Carefully avoiding the loaded term “unplugged,” the latest in a six-year-old series originally known as The Acoustic Showcase takes place at Low Spirits this Friday. Bands, and varying configurations thereof, perform songs from their respective catalogs as well as selected covers that don’t fit into regular repertoires. Don’t expect old favorites and regurgitated hits. Do expect obscure covers from limited-edition blue-vinyl releases that would make any record-collecting fanboy swoon.
Complete with finger food and cocktails, the first Showcase was held at the home of Edward Burch (Foma) in 2004 and soon moved to venues such as The Launchpad, Burt’s Tiki Lounge, Harlow’s and, of all places, Brickyard Pizza. New club on the block Low Spirits is a natural for this outing since its focus has been bands that fall under the nebulous Americana tag. Since it opened late in 2009, Low Spirits has seen more acoustic guitars on its stage than all the Downtown clubs in the past year combined.
It’s anyone’s guess which members of participating bands will form each acoustic set, but there are a few things to watch for, including some original Showcase veterans.
Billy Belmont has been impressive since his first performance in Albuquerque, when he had just moved to town. Few knew anything of him besides a smattering of songs from his Clovis-based rock outfit Weapons of Mass Destruction. “Who is this guy?!” everyone was asking, and with good reason. As impressive as his more recent projects Bellemah and The Belmont have been, Billy’s one-man gigs are truly a showcase of his exquisite songwriting, sweet vocals and expert timing.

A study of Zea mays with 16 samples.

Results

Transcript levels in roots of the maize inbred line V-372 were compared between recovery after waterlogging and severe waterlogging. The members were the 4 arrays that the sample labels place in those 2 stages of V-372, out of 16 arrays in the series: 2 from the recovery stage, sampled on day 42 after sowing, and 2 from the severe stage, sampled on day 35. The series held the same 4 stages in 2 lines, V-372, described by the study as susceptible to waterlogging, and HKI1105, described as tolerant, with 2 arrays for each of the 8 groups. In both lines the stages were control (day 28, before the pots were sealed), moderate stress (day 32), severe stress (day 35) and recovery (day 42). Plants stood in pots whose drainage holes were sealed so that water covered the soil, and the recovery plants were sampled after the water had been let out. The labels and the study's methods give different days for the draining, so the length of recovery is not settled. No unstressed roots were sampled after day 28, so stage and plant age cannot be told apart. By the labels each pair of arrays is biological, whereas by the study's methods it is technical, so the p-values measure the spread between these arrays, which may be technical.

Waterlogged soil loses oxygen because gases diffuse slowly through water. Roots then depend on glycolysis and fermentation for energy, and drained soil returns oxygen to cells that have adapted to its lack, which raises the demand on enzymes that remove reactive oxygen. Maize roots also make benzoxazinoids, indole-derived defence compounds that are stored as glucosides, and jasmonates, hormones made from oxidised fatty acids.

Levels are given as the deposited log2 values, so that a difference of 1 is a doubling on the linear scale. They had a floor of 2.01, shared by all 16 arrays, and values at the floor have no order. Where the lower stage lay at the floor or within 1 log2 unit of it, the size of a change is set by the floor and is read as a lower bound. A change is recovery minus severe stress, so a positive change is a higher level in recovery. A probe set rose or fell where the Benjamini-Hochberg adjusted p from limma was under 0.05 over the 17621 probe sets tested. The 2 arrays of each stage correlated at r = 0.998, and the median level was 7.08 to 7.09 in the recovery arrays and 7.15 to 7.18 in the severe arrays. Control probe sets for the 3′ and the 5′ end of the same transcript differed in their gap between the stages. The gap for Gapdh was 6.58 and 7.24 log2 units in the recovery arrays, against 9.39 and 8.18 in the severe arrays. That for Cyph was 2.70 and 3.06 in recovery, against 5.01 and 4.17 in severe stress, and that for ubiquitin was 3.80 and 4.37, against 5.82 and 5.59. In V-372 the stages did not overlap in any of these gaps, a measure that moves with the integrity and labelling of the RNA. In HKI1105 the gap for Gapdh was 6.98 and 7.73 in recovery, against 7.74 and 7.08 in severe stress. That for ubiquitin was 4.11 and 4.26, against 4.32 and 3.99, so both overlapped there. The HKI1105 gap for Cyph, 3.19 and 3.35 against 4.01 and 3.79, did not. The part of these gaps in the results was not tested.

Also appearing at each showcase since the beginning has been Mark Campagna: a man who changes bands, lineups and band names like you or I change socks, but always with a vaguely psych-pop British Invasion bent. His latest outfit, The Hollow Lines, began as a solo show but soon took on ex-members of Small Flightless Birds and Smoke Rings.
Lousy Robot is the master of the local pop universe. Hearing axe-man/vocalist Jim Phillips stripped down to an acoustic guitar (his new Martin DX1, I hope) gives an excellent opportunity to hear his songs’ skeleton melodies and heartrending lyrics clearly.
An acoustic show gives these musicians an opportunity to take chances they normally wouldn’t. The results range from quietly spectacular to experiments that don’t always achieve the intended result. Either way, it’s a brave move. Over the years, performers have said they felt exposed in ways they wouldn't with the usual wall of electric guitars defending them from the audience.
Whether or not you’ve heard these bands plugged in, the acoustic series is an excellent way to witness the range of talent and chutzpah of our local songsmiths.